The hydrogen colour spectrum

From green to pink hydrogen, we reveal the rainbow of hydrogen colours and the different types of technology used to produce each.

Why is a colourless gas given so many colourful terms?

Green hydrogen, blue hydrogen, brown hydrogen and even yellow hydrogen, turquoise hydrogen and pink hydrogen. They’re essentially colour codes, or nicknames, used within the energy industry to differentiate between the types of hydrogen.

Depending on the type of production used, different colour names are assigned to the hydrogen. But there is no universal naming convention and these colour definitions may change over time, and even between countries.

So what does hydrogen look like?

Hydrogen is an invisible gas. So, despite their colourful descriptions, there is no visible difference between the different types of hydrogen.

Here’s our guide to unlocking the current hydrogen colour code.

Green hydrogen

Hydrogen molecules against a blue background

Green hydrogen is made by using clean electricity from surplus renewable energy sources, such as solar or wind power, to electrolyse water. Electrolysers use an electrochemical reaction to split water into its components of hydrogen and oxygen, emitting zero-carbon dioxide in the process.

Green hydrogen currently makes up a small percentage of the overall hydrogen, because production is expensive. Just as energy from wind power has reduced in price, green hydrogen will come down in price as it becomes more common.

Blue hydrogen

Blue hydrogen is produced mainly from natural gas, using a process called steam reforming, which brings together natural gas and heated water in the form of steam. The output is hydrogen, but carbon dioxide is also produced as a by-product. So, the definition of blue hydrogen includes the use of carbon capture and storage (CCS) to trap and store this carbon.

Blue hydrogen is sometimes described as ‘low-carbon hydrogen’, as the steam reforming process doesn’t actually avoid the creation of greenhouse gases.

Grey hydrogen

Currently, this is the most common form of hydrogen production. Grey hydrogen is created from natural gas, or methane, using steam methane reformation but without capturing the greenhouse gases made in the process. Grey hydrogen is essentially the same as blue hydrogen, but without the use of carbon capture and storage.

Black and brown hydrogen

Using black coal or lignite (brown coal) in the hydrogen-making process, these black and brown hydrogen are the absolute opposite of green hydrogen in the hydrogen spectrum and the most environmentally damaging.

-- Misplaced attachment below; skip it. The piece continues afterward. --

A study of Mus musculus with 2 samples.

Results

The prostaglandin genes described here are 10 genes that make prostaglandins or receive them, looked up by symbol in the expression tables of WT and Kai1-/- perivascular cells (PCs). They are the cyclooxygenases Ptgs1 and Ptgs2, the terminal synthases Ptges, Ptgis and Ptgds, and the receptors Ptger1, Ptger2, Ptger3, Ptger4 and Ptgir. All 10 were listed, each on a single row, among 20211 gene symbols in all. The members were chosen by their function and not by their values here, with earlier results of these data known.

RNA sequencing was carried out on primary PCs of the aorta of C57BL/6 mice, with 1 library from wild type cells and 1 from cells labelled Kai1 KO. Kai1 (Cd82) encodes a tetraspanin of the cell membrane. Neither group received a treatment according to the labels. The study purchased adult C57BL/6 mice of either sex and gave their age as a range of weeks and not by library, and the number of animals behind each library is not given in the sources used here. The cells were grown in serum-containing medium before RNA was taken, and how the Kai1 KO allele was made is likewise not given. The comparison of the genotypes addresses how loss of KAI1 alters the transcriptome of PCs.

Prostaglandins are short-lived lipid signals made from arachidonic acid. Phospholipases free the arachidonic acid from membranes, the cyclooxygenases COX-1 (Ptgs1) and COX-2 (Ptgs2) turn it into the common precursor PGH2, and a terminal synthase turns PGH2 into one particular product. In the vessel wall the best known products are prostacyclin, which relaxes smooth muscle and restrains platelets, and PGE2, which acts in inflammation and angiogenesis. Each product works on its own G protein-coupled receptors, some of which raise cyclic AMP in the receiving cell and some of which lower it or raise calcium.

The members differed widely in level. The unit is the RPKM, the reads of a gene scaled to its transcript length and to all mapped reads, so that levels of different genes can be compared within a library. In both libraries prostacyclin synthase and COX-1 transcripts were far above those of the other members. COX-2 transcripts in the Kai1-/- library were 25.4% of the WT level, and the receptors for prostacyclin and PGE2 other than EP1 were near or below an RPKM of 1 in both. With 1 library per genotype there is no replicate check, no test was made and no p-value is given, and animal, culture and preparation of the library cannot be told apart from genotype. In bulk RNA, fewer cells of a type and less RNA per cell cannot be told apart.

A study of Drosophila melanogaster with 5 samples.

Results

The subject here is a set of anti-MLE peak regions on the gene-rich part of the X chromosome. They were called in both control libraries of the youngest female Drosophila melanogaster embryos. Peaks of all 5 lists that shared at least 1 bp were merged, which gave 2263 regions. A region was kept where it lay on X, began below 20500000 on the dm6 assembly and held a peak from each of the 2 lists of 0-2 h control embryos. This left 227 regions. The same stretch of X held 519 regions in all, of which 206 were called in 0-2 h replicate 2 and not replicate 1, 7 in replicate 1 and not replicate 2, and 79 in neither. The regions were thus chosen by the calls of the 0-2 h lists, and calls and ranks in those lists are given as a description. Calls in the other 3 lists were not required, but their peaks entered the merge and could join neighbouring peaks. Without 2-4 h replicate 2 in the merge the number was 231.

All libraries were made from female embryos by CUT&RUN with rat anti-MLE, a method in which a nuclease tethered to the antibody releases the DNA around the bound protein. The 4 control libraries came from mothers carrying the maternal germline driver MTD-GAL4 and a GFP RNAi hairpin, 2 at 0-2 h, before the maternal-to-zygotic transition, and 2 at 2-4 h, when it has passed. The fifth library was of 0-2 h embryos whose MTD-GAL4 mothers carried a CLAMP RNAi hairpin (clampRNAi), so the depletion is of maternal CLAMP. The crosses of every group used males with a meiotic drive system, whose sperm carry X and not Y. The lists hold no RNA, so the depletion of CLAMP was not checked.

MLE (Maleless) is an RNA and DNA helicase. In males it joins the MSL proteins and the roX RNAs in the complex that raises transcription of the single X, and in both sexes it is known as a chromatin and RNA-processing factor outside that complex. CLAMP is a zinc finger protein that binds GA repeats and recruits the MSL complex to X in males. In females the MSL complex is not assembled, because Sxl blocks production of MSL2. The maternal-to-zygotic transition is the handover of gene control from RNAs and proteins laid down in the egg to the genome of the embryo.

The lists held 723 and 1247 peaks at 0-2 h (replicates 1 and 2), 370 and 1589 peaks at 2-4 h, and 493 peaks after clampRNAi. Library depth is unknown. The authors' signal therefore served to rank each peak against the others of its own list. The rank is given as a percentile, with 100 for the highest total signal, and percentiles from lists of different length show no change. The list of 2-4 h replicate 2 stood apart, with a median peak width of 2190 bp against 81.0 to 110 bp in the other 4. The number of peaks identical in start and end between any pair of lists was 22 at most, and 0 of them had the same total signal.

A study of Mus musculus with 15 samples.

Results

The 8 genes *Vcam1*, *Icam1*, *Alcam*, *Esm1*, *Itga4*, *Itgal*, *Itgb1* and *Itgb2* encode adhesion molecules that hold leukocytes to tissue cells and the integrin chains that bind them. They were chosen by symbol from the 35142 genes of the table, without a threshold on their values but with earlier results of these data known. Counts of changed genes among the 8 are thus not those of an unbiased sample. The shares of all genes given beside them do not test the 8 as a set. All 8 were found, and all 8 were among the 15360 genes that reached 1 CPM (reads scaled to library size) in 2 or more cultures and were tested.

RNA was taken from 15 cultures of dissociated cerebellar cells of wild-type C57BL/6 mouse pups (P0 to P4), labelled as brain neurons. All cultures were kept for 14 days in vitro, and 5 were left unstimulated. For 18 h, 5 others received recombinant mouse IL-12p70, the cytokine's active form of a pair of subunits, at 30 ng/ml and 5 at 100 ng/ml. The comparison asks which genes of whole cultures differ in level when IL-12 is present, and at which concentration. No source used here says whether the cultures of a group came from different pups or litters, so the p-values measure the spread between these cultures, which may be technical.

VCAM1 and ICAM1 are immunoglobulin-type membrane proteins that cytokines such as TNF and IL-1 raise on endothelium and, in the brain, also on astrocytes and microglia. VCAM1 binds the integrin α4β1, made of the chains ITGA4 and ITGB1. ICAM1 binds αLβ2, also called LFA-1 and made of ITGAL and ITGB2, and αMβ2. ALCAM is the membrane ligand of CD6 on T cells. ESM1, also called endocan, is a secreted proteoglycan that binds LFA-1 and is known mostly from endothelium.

Just to confuse things, any hydrogen made from fossil fuels through the process of ‘gasification’ is sometimes called black or brown hydrogen interchangeably.

Japan and Australia announced a new brown coal-to-hydrogen project recently. This project will use brown coal in Australia to produce liquefied hydrogen, which will then be shipped to Japan for low-emission use.

Pink hydrogen

Pink hydrogen is generated through electrolysis powered by nuclear energy. Nuclear-produced hydrogen can also be referred to as purple hydrogen or red hydrogen.

In addition, the very high temperatures from nuclear reactors could be used in other hydrogen productions by producing steam for more efficient electrolysis or fossil gas-based steam methane reforming.

Turquoise hydrogen

This is a new entry in the hydrogen colour charts and production has yet to be proven at scale. Turquoise hydrogen is made using a process called methane pyrolysis to produce hydrogen and solid carbon. In the future, turquoise hydrogen may be valued as a low-emission hydrogen, dependent on the thermal process being powered with renewable energy and the carbon being permanently stored or used.

Yellow hydrogen

Yellow hydrogen is a relatively new phrase for hydrogen made through electrolysis using solar power.

White hydrogen

White hydrogen is a naturally occurring, geological hydrogen found in underground deposits and created through fracking. There are no strategies to exploit this hydrogen at present.

The future of hydrogen as energy

In the future, some hydrogen colours may fade in importance and others burn brighter. What’s certain is that the hydrogen rainbow will play a significant role in reaching net zero, as we reduce our historical reliance on fossil fuels and look to green alternatives to power our homes, businesses and transport.

Last updated: 23 Feb 2023
The information in this article is intended as a factual explainer and does not necessarily reflect National Grid's strategic direction or current business activities.